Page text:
We’ll Give You Tools to Celebrate National Gardening Month!
Spring has officially arrived and National Garden Month is underway. To celebrate the new season, Latham Hi-Tech Seeds will give away a gift pack of gardening tools!
It’s time to get those early crops in the ground and finalize plans for the rest of the garden. I’ve seen Facebook posts from my friends, who have spent the past few weeks putting seeds in containers and starting them in greenhouses. Last weekend some friends were planting potatoes.
I usually plant potatoes and tomatoes, as well as pick strawberries. But I have to admit, my garden produce is ripe during one of the busiest times of the year in my business. I spend two weeks every June traveling out of state to attend business meetings. Our annual Latham® dealer meeting is held the beginning of July, and our county fair is always in the middle of July.
On top of that, I spend nights and weekends attending numerous horse shows across North Iowa with my daughter. Nearly every weekend my son plays in a basketball tournament somewhere in the Midwest, plus he plays on our school’s baseball team. I meet myself coming and going! As a result, my produce is usually ripe when I’m not home and weeds take over my garden by the summer’s end.
This spring I decided to give myself a little grace. Rather than stressing about not having a space worthy of a Better Homes & Gardens photo spread, I’m going to plant pollinator packets instead of vegetable seeds. I can #FeedaBee, enjoy blooms all summer long, and stop feeling guilty that I’m not out weeding my garden every time I have 15 minutes in between work and kids’ activities.
Sound good? Perhaps this blog can help inspire you the way a visit to Cynthia and Ritch Berkland’s beautiful Iowa century farm got me excited about pollinator gardens. Their gardens were stunning! Since I first planted a butterfly garden about 12 years ago in my backyard, I was interested in learning more. Two tips from Cynthia are:
- Use native plants from your ecoregion as they will be the hardiest. Plants native to your region also will take the least effort and be the most attractive to pollinators.
- Cultivars are all clones and lack the biodiversity that increases the chances of their survival. They may not have as many stunning colors or exotic flowers, but the increase in fauna of all kinds should make up for that.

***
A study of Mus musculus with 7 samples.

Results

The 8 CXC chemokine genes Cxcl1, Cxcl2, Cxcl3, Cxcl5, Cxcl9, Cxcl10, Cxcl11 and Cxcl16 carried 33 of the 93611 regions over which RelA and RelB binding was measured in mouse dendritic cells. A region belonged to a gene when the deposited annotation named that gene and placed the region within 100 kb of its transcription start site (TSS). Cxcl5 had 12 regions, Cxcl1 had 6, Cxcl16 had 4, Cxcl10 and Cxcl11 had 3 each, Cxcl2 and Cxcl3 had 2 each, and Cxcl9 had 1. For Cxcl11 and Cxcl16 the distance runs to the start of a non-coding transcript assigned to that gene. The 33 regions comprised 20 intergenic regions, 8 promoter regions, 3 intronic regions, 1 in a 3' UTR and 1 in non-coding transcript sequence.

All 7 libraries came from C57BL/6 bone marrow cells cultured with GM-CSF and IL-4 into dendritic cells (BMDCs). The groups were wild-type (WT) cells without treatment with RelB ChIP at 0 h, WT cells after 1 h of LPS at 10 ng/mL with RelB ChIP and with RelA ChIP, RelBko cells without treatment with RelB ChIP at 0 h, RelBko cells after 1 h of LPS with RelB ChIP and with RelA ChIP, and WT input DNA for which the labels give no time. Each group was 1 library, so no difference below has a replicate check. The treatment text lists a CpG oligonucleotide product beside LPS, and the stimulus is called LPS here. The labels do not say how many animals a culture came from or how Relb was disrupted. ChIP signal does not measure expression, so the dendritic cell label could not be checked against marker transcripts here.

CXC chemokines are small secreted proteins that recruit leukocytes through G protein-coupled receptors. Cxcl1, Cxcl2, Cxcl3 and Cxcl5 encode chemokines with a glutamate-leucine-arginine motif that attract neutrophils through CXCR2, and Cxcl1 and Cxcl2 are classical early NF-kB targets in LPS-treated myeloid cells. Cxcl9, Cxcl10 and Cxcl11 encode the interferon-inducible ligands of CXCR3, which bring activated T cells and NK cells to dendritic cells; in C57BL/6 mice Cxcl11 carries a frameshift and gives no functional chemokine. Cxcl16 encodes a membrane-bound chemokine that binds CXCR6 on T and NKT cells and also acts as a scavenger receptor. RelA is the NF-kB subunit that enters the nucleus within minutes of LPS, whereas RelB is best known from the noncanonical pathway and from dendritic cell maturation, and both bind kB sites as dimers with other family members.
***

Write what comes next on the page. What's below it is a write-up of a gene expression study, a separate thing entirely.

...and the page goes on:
Cynthia then introduced me to the gardening book in the giveaway bag to provide more information about native plants. I gave a copy of it last year to my mom for Mother’s Day. In addition, my visit last summer to the Berkland Century Farm also motivated me to post a series of related blog posts:
- Follow These 3 Ps for a Pollinator-Friendly Garden
- Add Backyard Beauty with a Butterfly Garden
- Gardening Can Be for the Birds
In a Letter to the Editor last summer, Cynthia wrote:
If you watch the action on your lawn, you’ll see the only place a pollinator stops to visit is the occasional dandelion or clover. Just think of the difference we could make if each of us stopped mowing and planted native grasses and wild flowers in just one corner of our yard! Native grasses and wild flowers take almost no maintenance, and once they’re established, they provide food and habitat for the native fauna of the prairie.
Another way we can all make a difference is to stop mowing the road ditches. Bees, butterflies, dragonflies and other insects – not to mention pheasants, partridge and other animals – can’t use neatly manicured ditches. They need the flowers and grasses that used to grow wild when Iowa was covered with thousands of acres of prairie.
Please consider doing what you can to change the situation. Do something meaningful and help provide pollinator habitat!